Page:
That’s why Environmental Studies Professor Dr. Leah Joseph and her capstone class are “Talking Trash” to solve this 1,700 pound bear of a problem looming around Ursinus’s campus. Dr. Joseph’s
fall semester class, titled “Talking Trash,” partnered with the Food Sustainability Fellows last semester to explore options for turning that leftover food waste into a compost.
Environmental science major Amanda Laucks, ‘23 is leading the group of students interested in reducing Ursinus’s waste output. She said, “I was a part of three different organizations who were all looking to do [a compost]. I am a food fellow with [Director of Sustainability] Kate Keppen, then I’m in the Capstone waste class, and I’m also on the board of Wismer on Wheels, so there’s interest in composting from a bunch of different groups on campus.”
Kate Keppen, Director of Sustainability explained, “The reason there is so much interest in getting food items out of the waste stream comes from the benefit of that closed system. It came from the earth, so let’s get it back into the earth.” She added, “All of this food will eventually be broken down, and it will be turned into compost which can then go to gardens and farms to enrich the soil.”
Currently, the food scraps from Wismer enter the trash stream along with all the other waste the campus produces. After that waste leaves Ursinus, it’s brought to a waste energy plant to be incinerated. Keppen said, “What that means is it goes about twenty minutes down the road, and it’s burned, and that heat from burning all that waste turns turbines, and that electricity goes out to the grid.”
From this process, Keppen said, “Our carbon footprint from that is 0.” Ursinus’s waste removal system still produces carbon dioxide and methane fumes and also leaves behind burned trash known as “bottom ash,” which eventually ends up in landfills. But after the waste gets burned to produce energy, someone buys that energy from PECO (Pennsylvania Electric Company) grid. “Then the carbon footprint gets placed upon the purchaser of that electricity. We are obviously in southeastern [Pennsylvania], so theoretically we could be purchasing energy from our own trash being burned,” Keppen said.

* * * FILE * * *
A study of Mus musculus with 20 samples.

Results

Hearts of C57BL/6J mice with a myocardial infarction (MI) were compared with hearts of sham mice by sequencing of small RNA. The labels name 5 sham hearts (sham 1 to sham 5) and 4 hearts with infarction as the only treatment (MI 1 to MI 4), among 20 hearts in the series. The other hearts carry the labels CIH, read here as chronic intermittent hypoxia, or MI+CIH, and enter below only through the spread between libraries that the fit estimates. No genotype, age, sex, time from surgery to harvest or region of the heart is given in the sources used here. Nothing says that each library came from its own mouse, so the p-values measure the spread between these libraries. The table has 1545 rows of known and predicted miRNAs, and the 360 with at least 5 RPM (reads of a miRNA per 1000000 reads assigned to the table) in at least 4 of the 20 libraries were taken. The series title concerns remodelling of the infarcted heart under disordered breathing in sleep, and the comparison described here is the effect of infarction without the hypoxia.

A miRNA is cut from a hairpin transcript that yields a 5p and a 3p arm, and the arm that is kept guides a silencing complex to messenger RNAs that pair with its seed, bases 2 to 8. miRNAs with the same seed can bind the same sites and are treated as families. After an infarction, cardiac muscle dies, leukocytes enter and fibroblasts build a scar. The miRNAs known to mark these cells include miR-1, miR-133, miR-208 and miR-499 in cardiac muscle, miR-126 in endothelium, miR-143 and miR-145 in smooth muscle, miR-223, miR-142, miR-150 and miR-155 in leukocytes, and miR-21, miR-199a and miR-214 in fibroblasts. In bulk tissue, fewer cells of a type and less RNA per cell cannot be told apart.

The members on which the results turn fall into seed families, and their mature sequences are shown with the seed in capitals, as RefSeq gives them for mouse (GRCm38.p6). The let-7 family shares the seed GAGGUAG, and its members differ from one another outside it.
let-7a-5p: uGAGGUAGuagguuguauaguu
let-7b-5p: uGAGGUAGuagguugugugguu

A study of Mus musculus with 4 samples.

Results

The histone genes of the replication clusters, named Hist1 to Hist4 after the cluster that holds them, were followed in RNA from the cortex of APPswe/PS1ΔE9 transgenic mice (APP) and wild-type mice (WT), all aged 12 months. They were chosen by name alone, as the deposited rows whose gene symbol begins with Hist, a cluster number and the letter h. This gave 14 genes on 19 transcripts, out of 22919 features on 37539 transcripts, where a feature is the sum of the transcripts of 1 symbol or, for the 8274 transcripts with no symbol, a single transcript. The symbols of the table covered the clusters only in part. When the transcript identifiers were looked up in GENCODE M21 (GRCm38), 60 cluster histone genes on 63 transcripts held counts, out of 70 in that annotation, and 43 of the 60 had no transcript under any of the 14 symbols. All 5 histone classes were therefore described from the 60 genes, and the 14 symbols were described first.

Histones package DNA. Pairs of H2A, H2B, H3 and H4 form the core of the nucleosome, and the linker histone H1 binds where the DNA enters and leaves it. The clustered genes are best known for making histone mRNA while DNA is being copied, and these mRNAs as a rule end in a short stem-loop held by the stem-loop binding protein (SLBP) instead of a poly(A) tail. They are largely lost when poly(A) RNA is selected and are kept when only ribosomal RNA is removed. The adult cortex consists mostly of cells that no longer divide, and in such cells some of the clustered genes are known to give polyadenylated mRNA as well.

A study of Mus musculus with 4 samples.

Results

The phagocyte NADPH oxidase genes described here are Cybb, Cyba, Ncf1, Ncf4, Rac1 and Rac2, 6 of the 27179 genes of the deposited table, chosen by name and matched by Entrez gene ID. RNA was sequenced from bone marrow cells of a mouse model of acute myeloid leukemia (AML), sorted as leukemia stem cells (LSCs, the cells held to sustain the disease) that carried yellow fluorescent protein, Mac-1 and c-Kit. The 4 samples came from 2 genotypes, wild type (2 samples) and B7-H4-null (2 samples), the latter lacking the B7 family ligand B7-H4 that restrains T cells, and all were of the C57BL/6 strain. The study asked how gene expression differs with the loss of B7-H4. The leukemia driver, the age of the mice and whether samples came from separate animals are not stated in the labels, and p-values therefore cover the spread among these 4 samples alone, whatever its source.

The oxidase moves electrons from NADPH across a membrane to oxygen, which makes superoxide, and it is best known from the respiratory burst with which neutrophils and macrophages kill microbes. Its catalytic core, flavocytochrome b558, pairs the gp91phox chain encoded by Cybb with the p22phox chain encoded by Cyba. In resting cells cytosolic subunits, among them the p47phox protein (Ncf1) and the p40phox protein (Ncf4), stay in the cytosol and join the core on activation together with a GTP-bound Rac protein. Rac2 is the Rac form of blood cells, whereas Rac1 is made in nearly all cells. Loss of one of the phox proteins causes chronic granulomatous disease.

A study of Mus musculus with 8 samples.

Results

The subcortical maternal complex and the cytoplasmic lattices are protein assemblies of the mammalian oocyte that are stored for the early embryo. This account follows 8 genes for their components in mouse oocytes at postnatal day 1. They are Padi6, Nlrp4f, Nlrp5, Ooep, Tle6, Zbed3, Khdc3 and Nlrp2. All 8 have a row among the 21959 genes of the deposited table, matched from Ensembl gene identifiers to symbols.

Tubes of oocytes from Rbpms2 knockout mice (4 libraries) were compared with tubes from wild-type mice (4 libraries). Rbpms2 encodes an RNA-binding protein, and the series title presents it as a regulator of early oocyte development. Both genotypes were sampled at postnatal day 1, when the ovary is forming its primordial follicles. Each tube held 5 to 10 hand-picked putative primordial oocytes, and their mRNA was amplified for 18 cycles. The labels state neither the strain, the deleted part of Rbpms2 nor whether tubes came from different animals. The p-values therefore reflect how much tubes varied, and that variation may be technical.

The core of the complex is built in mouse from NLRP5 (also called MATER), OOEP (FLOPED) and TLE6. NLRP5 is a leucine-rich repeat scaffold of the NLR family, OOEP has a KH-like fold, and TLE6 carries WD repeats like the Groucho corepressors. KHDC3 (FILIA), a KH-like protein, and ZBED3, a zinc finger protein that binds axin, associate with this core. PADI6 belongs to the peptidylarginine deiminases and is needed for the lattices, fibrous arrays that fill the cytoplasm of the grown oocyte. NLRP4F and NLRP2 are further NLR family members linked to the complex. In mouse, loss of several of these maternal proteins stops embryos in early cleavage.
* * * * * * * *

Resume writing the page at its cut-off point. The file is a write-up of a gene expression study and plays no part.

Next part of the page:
So in reality, Ursinus’s carbon footprint isn’t being neutralized, it’s just being passed off, and Ursinus could be passing lves every time they purchase energy from PECO. Keppen said, “There are tremendous flaws in the model, and again, this is a universally held [model] of how people are trying to tackle the climate crisis. So, I say it’s the best we got, until we get better.” She said, “there’s a term called best management practices. . . but I often think we should be using the term better management practices.”
Environmentalists on campus have identified Wismer’s waste output as low-hanging fruit that could easily reduce Ursinus’s carbon footprint. Keppen said, “If we are able to take that out, we decrease how much waste is being incinerated,” which would actually lessen the campus’s overall carbon footprint, instead of passing the buck to someone else.
Creating a compost is a complex process, but the trial period of weighing the waste has already been completed. In the spring of 2022, two gloved students stood at the dish pit in Upper Wismer
and took plates to scrape the waste onto a scale. Those students were part of the joint effort of the Food Fellows and Dr. Joseph’s capstone class to gauge how much waste Ursinus produces.
Laucks said, “[Last] semester was just about getting it started. So right now we’re working on compiling a document that just lays out all the different methods that future students can take to creating a compost.”
The team of environmentalists set the compost plan into motion, but in order for it to become a reality, Keppen explained the entire campus should have the same interest in reducing the school’s waste output. “The onus of the class is not to ‘solve it.’ That’s for all of us to do. But they’re spending thirteen weeks exploring this topic,” she said.
The group may not have solved the food waste issue in one semester, but they’ve made important information available to the student body. Keppen finished, “We need solutions that make sense to everyone, and if it doesn’t make sense to people, no one is going to buy into it. You don’t need to have a physics degree to see that there’s still carbon moving through the system.”
The system is far from perfect, but the beginning stages of forming a solution is recognizing that things aren’t perfect. Until the compost project is officially implemented, Laucks offered some advice on reducing waste in Wismer. “When there’s something new, the first time you try it, just get a small amount to make sure you like it then go back.”